Next to tulips, daffodils are among the best loved spring-flowering bulbs. Narcissus bulbs are winter hardy and easy to grow, and deer and other wildlife, including pesky squirrels, won’t touch them.
No wonder they are spring’s loveliest rays of floral sunshine.
The difference between daffodils and narcissus
There is none: both names are interchangeable. Narcissus happens to be the botanical name for these bulb plants.
Although these terms are often used to refer to large and small-flowered forms, they are all classified in the genus Narcissus.
Daffodils, narcissi, jonquils and paper-whites are variants of the same species: all are members of the genus Narcissus. Except for Tazetta types (paperwhites) and a few wild species, modern garden narcissus are completely winter hardy.
They naturalize well and come in a variety of colors (but not true pinks yet). The most common colors are yellow, white, orange-red, orange and salmon.
Many cultivars display marked or subtle differences in color between the corona (trumpet or cup) and the perianth (petals). Double daffodils have a clustered cup, petals or both.
A succession of blooms with different narcissus
With a little planning, you can plant daffodils that provide you with blooms over six weeks. At your garden center, in catalogues or at on-line bulb suppliers, you’ll find bulbs are marked early, mid or late to indicate time of bloom.
Timing will, of course, vary depending on what kind of spring weather you get and where in the country you live. An early spring can push bulb blooms ahead, while a cool wet spring can delay flowering and then prolong it for a couple of weeks.
Early, mid- and late-season bloomers
The lovely white cultivar, ‘Thalia
Favorite early varieties include King Alfred types such as the bright yellow ‘Dutch Master’ and the pure white ‘Mount Hood’. Look for good mid-season cultivars such as ‘Ice Follies’, with its creamy white petals and a sunny-yellow cup that turns white with age, and the yellow ‘Carlton’.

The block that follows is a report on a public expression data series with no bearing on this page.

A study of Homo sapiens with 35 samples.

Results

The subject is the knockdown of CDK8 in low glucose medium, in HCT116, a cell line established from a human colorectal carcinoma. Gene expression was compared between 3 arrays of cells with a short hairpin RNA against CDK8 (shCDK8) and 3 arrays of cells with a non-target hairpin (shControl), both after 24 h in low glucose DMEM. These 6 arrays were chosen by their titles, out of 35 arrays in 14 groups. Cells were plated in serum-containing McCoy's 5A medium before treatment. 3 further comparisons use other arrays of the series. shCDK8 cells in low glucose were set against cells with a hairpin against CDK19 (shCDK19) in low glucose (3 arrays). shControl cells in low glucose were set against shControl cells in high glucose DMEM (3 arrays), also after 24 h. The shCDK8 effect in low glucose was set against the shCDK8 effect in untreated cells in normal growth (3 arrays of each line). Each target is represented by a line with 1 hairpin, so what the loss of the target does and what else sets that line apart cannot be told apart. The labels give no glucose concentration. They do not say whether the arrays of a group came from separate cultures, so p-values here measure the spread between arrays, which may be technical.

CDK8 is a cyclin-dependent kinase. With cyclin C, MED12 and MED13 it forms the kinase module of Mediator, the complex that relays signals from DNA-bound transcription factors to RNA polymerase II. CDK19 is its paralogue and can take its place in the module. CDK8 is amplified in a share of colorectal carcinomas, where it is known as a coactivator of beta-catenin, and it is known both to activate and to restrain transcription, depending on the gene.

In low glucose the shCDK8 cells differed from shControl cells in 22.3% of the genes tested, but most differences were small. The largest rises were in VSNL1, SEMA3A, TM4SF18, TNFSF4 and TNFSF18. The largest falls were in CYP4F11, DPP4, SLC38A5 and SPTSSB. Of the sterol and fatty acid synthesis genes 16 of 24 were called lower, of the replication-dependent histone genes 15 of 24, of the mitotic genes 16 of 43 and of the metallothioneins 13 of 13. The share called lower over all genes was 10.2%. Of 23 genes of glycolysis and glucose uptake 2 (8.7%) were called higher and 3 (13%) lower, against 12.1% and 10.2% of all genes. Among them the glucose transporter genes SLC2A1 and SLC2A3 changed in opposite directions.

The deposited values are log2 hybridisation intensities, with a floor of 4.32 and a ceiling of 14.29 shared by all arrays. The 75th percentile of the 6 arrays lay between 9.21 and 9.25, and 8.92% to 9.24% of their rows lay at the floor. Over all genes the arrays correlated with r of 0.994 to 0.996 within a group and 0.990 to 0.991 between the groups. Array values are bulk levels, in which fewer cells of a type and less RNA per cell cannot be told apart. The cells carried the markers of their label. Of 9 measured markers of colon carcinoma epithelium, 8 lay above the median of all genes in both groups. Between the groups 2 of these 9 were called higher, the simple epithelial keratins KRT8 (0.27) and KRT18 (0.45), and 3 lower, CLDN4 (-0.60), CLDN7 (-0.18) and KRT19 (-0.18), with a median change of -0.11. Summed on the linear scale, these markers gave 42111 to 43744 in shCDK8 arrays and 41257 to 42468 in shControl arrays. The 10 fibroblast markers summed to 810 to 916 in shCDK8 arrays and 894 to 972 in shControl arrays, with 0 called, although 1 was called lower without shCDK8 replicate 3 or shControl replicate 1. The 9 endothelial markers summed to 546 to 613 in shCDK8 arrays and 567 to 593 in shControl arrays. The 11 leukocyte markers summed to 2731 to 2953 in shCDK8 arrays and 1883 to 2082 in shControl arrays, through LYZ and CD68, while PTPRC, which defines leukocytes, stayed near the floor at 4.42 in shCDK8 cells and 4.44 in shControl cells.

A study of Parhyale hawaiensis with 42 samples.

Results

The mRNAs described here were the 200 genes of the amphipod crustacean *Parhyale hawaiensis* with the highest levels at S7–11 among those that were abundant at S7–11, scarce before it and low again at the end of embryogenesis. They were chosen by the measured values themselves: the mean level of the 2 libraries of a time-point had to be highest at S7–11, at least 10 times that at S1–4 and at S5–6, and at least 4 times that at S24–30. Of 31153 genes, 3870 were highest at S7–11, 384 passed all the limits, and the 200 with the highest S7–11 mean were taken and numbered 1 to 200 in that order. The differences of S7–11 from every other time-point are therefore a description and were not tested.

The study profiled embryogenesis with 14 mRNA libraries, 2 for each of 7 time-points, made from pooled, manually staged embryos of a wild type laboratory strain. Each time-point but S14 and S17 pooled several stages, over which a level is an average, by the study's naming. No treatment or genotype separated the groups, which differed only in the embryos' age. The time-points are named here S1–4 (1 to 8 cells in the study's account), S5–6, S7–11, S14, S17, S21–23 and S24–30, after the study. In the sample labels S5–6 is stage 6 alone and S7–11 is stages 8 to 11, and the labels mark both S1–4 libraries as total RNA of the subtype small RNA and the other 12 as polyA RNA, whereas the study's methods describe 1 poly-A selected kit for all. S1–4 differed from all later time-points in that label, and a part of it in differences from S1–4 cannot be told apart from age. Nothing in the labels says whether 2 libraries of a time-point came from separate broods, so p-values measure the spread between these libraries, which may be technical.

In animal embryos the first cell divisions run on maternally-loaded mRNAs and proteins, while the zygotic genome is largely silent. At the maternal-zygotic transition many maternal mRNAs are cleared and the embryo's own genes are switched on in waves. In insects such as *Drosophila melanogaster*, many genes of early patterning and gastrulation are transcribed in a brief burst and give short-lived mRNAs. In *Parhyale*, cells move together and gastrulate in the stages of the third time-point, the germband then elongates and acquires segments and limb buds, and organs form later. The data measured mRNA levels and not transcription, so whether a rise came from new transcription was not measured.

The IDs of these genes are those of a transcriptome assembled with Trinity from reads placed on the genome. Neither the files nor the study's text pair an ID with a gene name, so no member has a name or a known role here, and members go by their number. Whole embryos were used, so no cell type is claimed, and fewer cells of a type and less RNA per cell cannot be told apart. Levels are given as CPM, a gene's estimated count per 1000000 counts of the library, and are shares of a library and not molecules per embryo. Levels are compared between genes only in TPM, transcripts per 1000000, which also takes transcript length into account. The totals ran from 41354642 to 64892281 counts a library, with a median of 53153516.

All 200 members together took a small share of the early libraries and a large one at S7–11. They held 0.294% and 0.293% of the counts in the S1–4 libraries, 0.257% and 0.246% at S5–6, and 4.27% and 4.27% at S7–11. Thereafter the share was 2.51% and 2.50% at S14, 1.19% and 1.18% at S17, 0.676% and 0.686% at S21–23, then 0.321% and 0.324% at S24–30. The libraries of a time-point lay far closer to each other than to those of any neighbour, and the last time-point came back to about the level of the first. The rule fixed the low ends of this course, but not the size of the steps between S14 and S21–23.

Late season favorites include the fragrant jonquil hybrid ‘Quail’, which is a soft golden yellow, and the delicate ‘Actaea’, which has a yellow cup delicately rimmed in crimson.
Popular miniature, small and rock garden narcissus include ‘February Gold’ (early to mid-spring), ‘Minnow’, Thalia (mid-spring), ‘Hawera’ (late) and ‘Tête à-Tête’ (early).
Narcissus planting how-to:
When to plant: It’s best to get these bulbs into the ground early, preferably in September so they can make vigorous root growth while the soil is still warm. Once planted, the bulbs will bloom happily in the same location for many years.
Where to plant: Besides the fact that wildlife leave them alone, another great advantage of narcissi is that they can be planted in many places in the garden. Since they can tolerate both sunny and part-shade locations, they will grow well in the perennial border, the rock garden or under deciduous trees and shrubs.
- Planting depth to base of bulb: Large bulbs: 8 inches (20 cm.) deep; small bulbs: 5 inches (12.5 cm.) deep.
- Spacing between bulbs: 3 inches (7.5 cm.) apart for large bulbs; 1 inch (2.5 cm.) for small bulbs.
- Soil and sunlight requirements: These bulbs thrive in ordinary garden soils that do not hold too much water. In wet areas, the bulbs tend to rot, so choose a well-drained spot in your garden. Give bulbs full sun to part shade (at least half a day of sunshine).
- Care after flowering: Once flowering is complete, you don’t need to remove spent blossoms, but be sure to allow the leaves to remain in place until they yellow (6 to 8 weeks). Flower production for next year will suffer if the leaves don’t stay in place long enough to produce food to replace the strength lost in flowering.
- Division: Because daffodil clumps increase, every year you will have more. You can divide very large clumps of daffodils as soon as the leaves wither. Dig them up and replant the bulbs as soon as possible.